Whether you are a hiring manager or an internal recruiter, find out how you can step up your hiring game with this advice from Robert Walters’ manager Eric Soni, which he shared when he was interviewed recently for 1 Page's Blog:
1. Build relationships that last
The first and most important aspect of the relationship between a recruiter and the client or candidate is the foundation of trust.
"Instead of a more transactional recruiting model, which tends to be the common approach to recruitment here in the Bay Area, we at Robert Walters pride ourselves on meeting the needs of each candidate as much as those of our clients," says Eric Soni, Manager of Product Management and Growth.
Eric continues, "recruiters are able to offer perspective and insight into the recruitment or job market, but it will fall onto deaf ears if there isn’t an investment of face-to-face time and open dialogue, ideally cultivated with a long-term, high-touch approach.”
If you take your time to really find the right match, a trust is built and a relationship develops. Not only will you feel accomplished and rewarded when you fill the role or help your candidate land their dream job, you will also be thought of as a high quality recruiter who is in it for the long term and not just the quick sale.
Instead of a more transactional recruiting model, which tends to be the common approach to recruitment here in the Bay Area, we at Robert Walters pride ourselves on meeting the needs of each candidate as much as those of our clients.
2. Understand the role and the market
“One of the biggest surprises to me in the recruitment field is the frequency of encountering hiring managers who do not understand the role they are trying to fill. This may seem like a no-brainer, but I honestly believe that if you can’t fully comprehend the responsibilities behind the role, you will be unsuccessful in finding a qualified candidate,” Eric says.
When you have a deep understanding of the role and the recruitment market, not only will it help you find the right people, but it will also help in communicating with both candidates and clients.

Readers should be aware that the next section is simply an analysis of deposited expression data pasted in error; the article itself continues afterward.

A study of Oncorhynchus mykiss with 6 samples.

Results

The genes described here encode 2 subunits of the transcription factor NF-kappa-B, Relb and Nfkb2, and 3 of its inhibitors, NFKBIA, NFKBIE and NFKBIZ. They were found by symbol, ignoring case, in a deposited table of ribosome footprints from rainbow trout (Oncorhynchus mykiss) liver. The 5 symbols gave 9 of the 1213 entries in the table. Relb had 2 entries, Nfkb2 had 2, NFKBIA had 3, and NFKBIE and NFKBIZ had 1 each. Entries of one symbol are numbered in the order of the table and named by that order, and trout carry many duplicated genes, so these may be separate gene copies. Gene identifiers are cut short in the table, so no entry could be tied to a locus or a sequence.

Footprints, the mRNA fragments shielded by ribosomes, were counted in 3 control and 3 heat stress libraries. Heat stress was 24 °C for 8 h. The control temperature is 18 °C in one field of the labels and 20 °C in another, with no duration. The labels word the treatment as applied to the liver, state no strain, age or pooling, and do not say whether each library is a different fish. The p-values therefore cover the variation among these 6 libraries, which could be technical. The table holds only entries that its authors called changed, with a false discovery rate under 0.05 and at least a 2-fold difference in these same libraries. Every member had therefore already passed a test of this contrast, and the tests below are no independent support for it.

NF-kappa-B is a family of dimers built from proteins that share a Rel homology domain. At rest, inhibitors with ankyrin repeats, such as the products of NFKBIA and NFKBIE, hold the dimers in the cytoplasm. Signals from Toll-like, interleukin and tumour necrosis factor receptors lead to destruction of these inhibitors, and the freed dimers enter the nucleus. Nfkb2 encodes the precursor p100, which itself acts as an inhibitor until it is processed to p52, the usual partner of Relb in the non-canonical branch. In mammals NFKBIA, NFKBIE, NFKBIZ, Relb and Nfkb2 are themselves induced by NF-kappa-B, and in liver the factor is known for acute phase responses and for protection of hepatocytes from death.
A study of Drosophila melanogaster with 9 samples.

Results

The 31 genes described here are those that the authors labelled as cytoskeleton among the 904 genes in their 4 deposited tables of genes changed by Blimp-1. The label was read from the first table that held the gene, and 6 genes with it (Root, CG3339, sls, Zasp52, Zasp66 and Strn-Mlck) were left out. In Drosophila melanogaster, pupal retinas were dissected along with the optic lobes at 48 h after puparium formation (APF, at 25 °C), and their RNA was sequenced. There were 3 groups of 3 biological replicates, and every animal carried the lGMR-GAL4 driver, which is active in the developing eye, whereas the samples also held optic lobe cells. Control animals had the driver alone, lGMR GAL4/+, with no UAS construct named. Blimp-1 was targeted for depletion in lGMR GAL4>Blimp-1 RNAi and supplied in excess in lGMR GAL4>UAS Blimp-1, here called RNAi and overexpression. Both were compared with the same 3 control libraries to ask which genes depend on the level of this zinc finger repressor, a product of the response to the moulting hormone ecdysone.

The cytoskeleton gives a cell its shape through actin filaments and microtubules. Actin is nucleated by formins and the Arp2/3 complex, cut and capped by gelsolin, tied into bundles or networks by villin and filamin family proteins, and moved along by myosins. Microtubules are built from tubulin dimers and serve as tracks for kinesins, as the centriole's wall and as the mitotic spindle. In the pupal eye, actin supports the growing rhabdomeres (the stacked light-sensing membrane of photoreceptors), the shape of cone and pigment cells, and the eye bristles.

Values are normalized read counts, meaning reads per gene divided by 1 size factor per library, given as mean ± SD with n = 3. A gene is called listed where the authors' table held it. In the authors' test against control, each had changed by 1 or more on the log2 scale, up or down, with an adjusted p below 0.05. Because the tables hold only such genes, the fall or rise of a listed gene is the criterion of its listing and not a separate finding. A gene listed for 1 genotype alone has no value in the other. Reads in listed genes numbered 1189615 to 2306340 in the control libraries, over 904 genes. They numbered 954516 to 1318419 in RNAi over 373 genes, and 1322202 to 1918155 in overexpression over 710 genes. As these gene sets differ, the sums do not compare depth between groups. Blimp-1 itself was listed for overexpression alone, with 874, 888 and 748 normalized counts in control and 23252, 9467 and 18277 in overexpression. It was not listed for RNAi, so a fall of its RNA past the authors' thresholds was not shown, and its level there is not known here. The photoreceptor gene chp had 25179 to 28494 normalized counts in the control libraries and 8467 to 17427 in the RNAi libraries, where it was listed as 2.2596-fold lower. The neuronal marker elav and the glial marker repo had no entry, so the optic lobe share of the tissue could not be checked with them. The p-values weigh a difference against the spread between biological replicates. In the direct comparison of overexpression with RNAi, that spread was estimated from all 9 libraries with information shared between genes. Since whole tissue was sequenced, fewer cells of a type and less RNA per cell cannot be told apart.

For example, if you know that your candidate’s salary expectations are above market rate, you can help them understand the realistic salary and benefits they should expect given their experience. Likewise, when a client comes to you with a job paying below market rate, you can advise them that the top candidates will not find their offer very competitive with the current market.
3. The path to success
Eric believes that longevity is another aspect that is often overlooked. Since the next job you fill will most likely not be the candidate’s last, it’s important that you keep the big picture in mind.
Therefore in order to stand out amongst other recruiters, it’s important that you aren’t short-sighted. If you discuss the person’s long term goals you can help your candidate map out a career path in order to reach their dream job.
4. Think holistically
Eric agrees that when searching for a candidate with a specific job in mind, it tends to narrow your scope of view, making it feel like you may never find the right person.
“Instead of relying on keywords or matching resumes to job descriptions word by word, we try to think more holistically about what could be a match from a culture and industry perspective as well,” adds Eric.
Often, great candidates are overlooked because their experience or resume doesn’t match the exact criteria of the job description. However, if you take a flexible approach and discuss the possibilities with the client, often a candidate’s skill set is applicable based on the dynamics of the role.
5. Communication is key
One of the most important attributes of a successful recruiter is the ability to communicate. Since recruiters spend most of their time speaking about confidential and delicate information, it is crucial that they speak openly and clearly.
“Time is a valuable resource, and it’s important to be direct and plain spoken to ensure information is being presented accurately and efficiently,” says Eric.
“Occasionally conversations can get tense, particularly when discussing sensitive topics like compensation and job title. In these cases it’s necessary to stay professional, level-headed, and empathic," Eric continues.
Staying professional and communicating effectively between both parties is a fundamental in the recruiting space.
In the end the main things to keep in mind is that recruitment is a people-orientated business and like all people businesses, the most important things to focus on are communication and the effort you're putting into it. Once these are mastered, building a relationship will come naturally.